Ukraine legalized cannabis last December to treat PTSD and cancer among war survivors.
A doctor said Ukrainian soldiers should be prescribed cannabis instead of opioids.
Ukraine is staring down an epidemic like in the US, Viktoriya Yevseyeva told The Times of London.
Cannabis should be prescribed to the Ukrainian military instead of opioids because Ukraine is on the verge of an epidemic similar to that of the US, a Ukrainian doctor said.
Viktoriya Yevseyeva, an anesthetist at the Kyiv City Clinical Oncology Center, highlighted the epidemic risk to The Times of London.
"We have, as in the USA and Europe, an opioid epidemic, but we are hiding it, and nobody is talking about it," she told the newspaper.
This is significant — Ukraine recorded one of the world's highest rates of opioid use before Russia's full-scale invasion in February 2022.
Before Russia's invasion, more than 300,000 people injected drugs like heroin regularly in Ukraine, of whom 200,661 used opioids, per biobehavioral research estimates cited by the Public Health Center of the Ministry of Health of Ukraine.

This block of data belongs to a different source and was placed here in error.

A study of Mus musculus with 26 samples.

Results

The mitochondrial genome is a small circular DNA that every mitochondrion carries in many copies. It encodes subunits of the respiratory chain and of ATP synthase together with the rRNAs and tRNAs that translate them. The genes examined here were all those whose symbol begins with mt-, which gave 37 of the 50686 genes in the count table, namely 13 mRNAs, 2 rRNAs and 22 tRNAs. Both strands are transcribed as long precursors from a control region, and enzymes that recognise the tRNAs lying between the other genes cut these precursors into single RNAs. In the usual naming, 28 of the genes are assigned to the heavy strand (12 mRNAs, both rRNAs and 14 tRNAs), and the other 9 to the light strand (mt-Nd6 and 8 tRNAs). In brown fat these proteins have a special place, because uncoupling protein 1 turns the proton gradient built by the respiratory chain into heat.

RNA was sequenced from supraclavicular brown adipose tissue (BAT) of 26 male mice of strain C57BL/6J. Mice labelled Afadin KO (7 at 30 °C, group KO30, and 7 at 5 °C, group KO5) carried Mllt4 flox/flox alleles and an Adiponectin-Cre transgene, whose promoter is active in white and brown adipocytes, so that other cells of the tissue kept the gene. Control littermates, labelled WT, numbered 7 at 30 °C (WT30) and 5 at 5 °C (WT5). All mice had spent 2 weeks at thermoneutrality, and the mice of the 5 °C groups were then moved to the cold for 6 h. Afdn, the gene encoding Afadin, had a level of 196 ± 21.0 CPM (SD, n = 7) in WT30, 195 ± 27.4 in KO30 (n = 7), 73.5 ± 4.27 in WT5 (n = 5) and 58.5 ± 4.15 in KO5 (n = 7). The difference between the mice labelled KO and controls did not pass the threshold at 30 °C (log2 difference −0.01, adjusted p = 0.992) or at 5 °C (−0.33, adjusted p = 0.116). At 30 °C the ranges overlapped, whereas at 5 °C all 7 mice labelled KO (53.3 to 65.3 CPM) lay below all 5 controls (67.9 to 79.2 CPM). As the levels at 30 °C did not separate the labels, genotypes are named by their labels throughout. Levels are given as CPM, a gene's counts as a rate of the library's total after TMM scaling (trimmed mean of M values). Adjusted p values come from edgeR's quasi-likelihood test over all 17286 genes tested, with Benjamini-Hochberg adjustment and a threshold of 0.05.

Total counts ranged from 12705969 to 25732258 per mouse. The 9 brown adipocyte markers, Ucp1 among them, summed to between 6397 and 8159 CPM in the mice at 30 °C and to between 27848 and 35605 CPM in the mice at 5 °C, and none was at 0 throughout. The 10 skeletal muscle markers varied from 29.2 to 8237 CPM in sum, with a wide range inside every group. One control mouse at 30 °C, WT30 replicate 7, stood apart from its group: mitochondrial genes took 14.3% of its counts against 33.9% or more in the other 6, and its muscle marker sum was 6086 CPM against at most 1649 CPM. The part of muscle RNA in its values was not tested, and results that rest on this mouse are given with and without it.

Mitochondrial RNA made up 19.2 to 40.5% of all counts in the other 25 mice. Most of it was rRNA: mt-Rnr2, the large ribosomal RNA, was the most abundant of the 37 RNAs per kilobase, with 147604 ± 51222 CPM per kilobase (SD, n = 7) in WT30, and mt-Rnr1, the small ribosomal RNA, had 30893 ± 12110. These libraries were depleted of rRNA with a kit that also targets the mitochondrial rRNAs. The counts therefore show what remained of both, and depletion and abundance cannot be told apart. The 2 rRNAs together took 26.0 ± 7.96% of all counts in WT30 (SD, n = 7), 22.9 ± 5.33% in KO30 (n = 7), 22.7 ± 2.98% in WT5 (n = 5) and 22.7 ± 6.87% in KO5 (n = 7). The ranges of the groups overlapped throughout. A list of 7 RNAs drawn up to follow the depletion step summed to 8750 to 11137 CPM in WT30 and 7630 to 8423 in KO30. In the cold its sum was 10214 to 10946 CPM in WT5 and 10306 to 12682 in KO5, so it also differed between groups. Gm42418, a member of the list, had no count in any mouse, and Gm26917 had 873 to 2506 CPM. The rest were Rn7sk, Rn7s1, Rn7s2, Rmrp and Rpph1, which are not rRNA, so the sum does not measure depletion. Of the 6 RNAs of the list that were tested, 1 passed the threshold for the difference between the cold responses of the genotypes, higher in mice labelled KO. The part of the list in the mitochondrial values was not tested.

UNAIDS' Global AIDS Update 2021 found roughly the same numbers: in 2018 and 2020, the adult population injecting drugs, predominantly opioids, was estimated at 350,000, or 1.7% of Ukraine's total adult population.
"This is one of the highest prevalence observed in the world," the United Nations Office on Drugs and Crime said in a 2022 report.
In December, Ukraine's Parliament legalized medicinal marijuana to treat post-traumatic stress disorder and cancer linked to the war.
The new law allows doctors to prescribe cannabis or medications containing cannabinoids.
Yevseyeva told the Times that "prescribing medical cannabis instead of opioids to patients would be a way out of this situation."
"If we compare it with the side-effects of opioids, for a certain group of patients today, cannabis is an ideal treatment," she said, per the newspaper.
Three million US citizens and 16 million people worldwide have or are suffering from opioid use disorder, according to the National Library of Medicine.